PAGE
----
REVIEW: American Theatre’s “Its a Wonderful Life”

| November 30, 2009

its-a-wonderful-life-foley

American Theatre Company presents:

It’s a Wonderful Life: The Radio Play

Adapted from the film by Frank Capra
Screenplay written by
Goodrich, Hackett, Swerling and Capra
Based on a short story by
Philip Van Doren Stern
Directed by
Jason Gerace
Thru December 27th  (ticket info)

reviewed by Katy Walsh

microphone “Man’s suicide thwarted on Christmas Eve” sounds like a newspaper headline, not the premise of a holiday tradition. In American Theatre’s 8th-annual production, Frank Capra’s 1946 film, It’s a Wonderful Life, based on the book The Greatest Gift, is re-imagined on stage as a radio play. Though most have seen the movie, the story deals with a distraught businessman George Bailey who eventually considers killing himself so his family may benefit from a life insurance policy. Clarence, angel second class, tries to earn his wings by helping George understand significance of his life. Performed in 80 minutes without an intermission, American Theatre Company’s It’s a Wonderful Life: The Radio Play is a nicely wrapped holiday gift.

It could possibly be said that Wonderful Life is the original dramedy. The plot is Hollywood’s schmaltzy tragedy with a “feel good” happy ending. Within the story of a suicide attempt, the Capra team has created strong characters delivering memorable lines. “Why don’t you kiss her instead of talking her to death?”, “Youth is wasted on the wrong people.”, “No gin tonight, son!”, “Get me…I’m giving out wings.”, “Excuse me! Excuse me! I burped!”, “Every time a bell rings, an angel gets his wings,” and the ever powerful, “Strange, isn’t it? Each man’s life touches so many other lives. When he isn’t around he leaves an awful hole, doesn’t he?” The timeless lines invoke the familiar swirl of sentimental tears and chuckles.

Starting with this strong, beloved script, director Jason Gerace adds a cast of nine members to perform the Christmas classic. The stage is the broadcast room at radio station WATC. The radio announcer (Alex Goodrich) begins the show by prepping the studio audience with “on the air” protocols and the importance of the APPLAUSE sign lighting up. Alan Wilder, playing two key roles – Clarence and Mr. Potter, perfectly mimics the original performances of Henry Travers and Lionel Barrymore. As crotchety old Potter, Wilder mockingly delivers, “You see, if you shoot pool with some employee here, you can come and borrow money.”  Later, as Clarence, Wilder innocently requests, “Mulled wine, light on the cinnamon heavy on the cloves. Off with ya lad and be lively!”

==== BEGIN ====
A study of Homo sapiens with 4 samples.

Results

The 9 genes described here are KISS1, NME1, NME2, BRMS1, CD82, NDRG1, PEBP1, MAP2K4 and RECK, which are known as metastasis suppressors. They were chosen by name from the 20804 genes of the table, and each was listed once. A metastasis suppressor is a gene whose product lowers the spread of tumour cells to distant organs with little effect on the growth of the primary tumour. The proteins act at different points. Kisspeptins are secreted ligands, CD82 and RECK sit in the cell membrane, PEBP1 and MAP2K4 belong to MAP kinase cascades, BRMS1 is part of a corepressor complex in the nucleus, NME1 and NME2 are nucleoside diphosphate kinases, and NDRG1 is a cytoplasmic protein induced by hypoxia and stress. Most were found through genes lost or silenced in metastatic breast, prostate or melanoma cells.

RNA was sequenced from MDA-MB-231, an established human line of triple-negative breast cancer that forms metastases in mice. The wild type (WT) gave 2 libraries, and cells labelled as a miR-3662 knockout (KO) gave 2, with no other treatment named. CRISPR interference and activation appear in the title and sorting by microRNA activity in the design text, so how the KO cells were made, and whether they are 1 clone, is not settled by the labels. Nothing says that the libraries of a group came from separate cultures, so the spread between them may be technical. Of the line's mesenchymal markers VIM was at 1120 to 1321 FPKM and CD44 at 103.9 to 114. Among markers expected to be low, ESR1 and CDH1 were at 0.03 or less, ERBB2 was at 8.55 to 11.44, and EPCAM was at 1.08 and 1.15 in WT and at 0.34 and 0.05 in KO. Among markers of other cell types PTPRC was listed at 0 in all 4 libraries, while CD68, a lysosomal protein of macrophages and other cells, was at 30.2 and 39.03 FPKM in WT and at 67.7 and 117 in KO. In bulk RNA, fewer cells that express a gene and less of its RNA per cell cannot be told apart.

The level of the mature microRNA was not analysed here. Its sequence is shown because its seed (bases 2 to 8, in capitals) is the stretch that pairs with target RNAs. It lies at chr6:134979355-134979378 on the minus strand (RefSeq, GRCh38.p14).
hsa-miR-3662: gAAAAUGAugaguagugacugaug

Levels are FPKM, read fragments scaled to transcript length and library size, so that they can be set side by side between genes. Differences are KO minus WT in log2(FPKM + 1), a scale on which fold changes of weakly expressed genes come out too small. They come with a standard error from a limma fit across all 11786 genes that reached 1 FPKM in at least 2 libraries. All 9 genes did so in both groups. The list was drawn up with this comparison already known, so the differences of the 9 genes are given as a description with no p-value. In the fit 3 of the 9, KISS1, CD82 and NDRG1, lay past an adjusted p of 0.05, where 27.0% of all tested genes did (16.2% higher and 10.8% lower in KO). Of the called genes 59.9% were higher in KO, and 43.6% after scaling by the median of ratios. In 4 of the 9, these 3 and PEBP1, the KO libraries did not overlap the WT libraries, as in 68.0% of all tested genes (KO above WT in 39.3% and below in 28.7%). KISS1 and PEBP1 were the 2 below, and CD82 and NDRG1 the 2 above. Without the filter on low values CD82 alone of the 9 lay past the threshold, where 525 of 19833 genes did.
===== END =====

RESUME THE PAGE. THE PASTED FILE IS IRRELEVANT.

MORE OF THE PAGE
Another player that provides dead-on imitations of multiple characters is Jessie Fisher. As man-eater Violet, Fisher seductively says, “What? This old thing? Why I only wear it when I don’t care how I look.” Then Fisher becomes 8 year old Zu-Zu with, “Not a smidge of temperature.” Although Kareem Bandealy is no Jimmy Stewart, his George Bailey gives a complex range of emotions of a dream seeker -small town hero- suicidal- “richest man in Bedford Falls.” Under the well-paced direction of Gerace, the multi-talented cast energetically lassoes the moon.

For a radio play performed as a stage play, the foley artist (the person who creates many of the natural, everyday sound effects for a live radio show) always adds an interesting element of sound production. With this show, this doesn’t seem to be occur. The foley artist (Rick Kubes) is set up on the side of the stage with various tools and techniques to add the sounds to the radio broadcast. Plunging in the river, clattering dishes, blizzard winds – these radio elements are not completely audibly realized. Kubes needs to crank up the volume! And speaking of audio, preshow, the audience is given an opportunity to write audiograms. During radio commercial breaks, the audiograms are delivered by the cast. Holiday greetings are mixed with requests for parking money as the messages are broadcasted to and from audience members. It’s a nice personal holiday touch and cheaper than buying cards.

 

Rating: ★★★

 

Production Cast

George Bailey Kareem Bandealy
Mr. Potter/Clarence Alan Wilder
Mr. Bailey/Joseph/Others Joe Minoso
Harry Bailey/Ernie/Others Bernard Balbot
Mary Hatch/Mrs. Bailey Mary Winn Heider
Violet/Mrs. Hatch/Others Jessie Fisher
Announcer/Others Alex Goodrich,
Foley Artist Rick Kubes
Pianinst Cheryl Parkes


Aside: Having his own flawless Zu-zu imitation, Bill describes the show as “authentic, delightful and talented cast.”

AFTER THE SHOW

After hearing three radio commercials for Mrs. Murphy’s and Sons Irish Bistro (3905 N. Lincoln Avenue), we decide to support the bar that supports the arts. Wanting life to imitate art, it would have been nice if someone cued up the snow for our It’s a Wonderful Life exit. Mrs. Murphy’s is an ideal destination in winter because it has a generous fireplace and a cozy ambiance. After ordering a couple glasses of wine, we waited for the bartender to say to Bill, Hey look, mister – we serve hard drinks in here for men who want to get drunk fast, and we don’t need any characters around to give the joint ‘atmosphere.’“ Didn’t happen! What else didn’t happen, a cash register ringing out wings! With advances in technology, many an angel second class must be struggling to earn wings. What did happen that night? Over a nice pinot noir, I was reminded that it is a wonderful life because “no man is a failure who has friends.” On that “Auld Lang Syne” note, it was time to go. The bartender delivered the bill muttering, “That’s it. Out you two pixies go – through the door, or out the window.”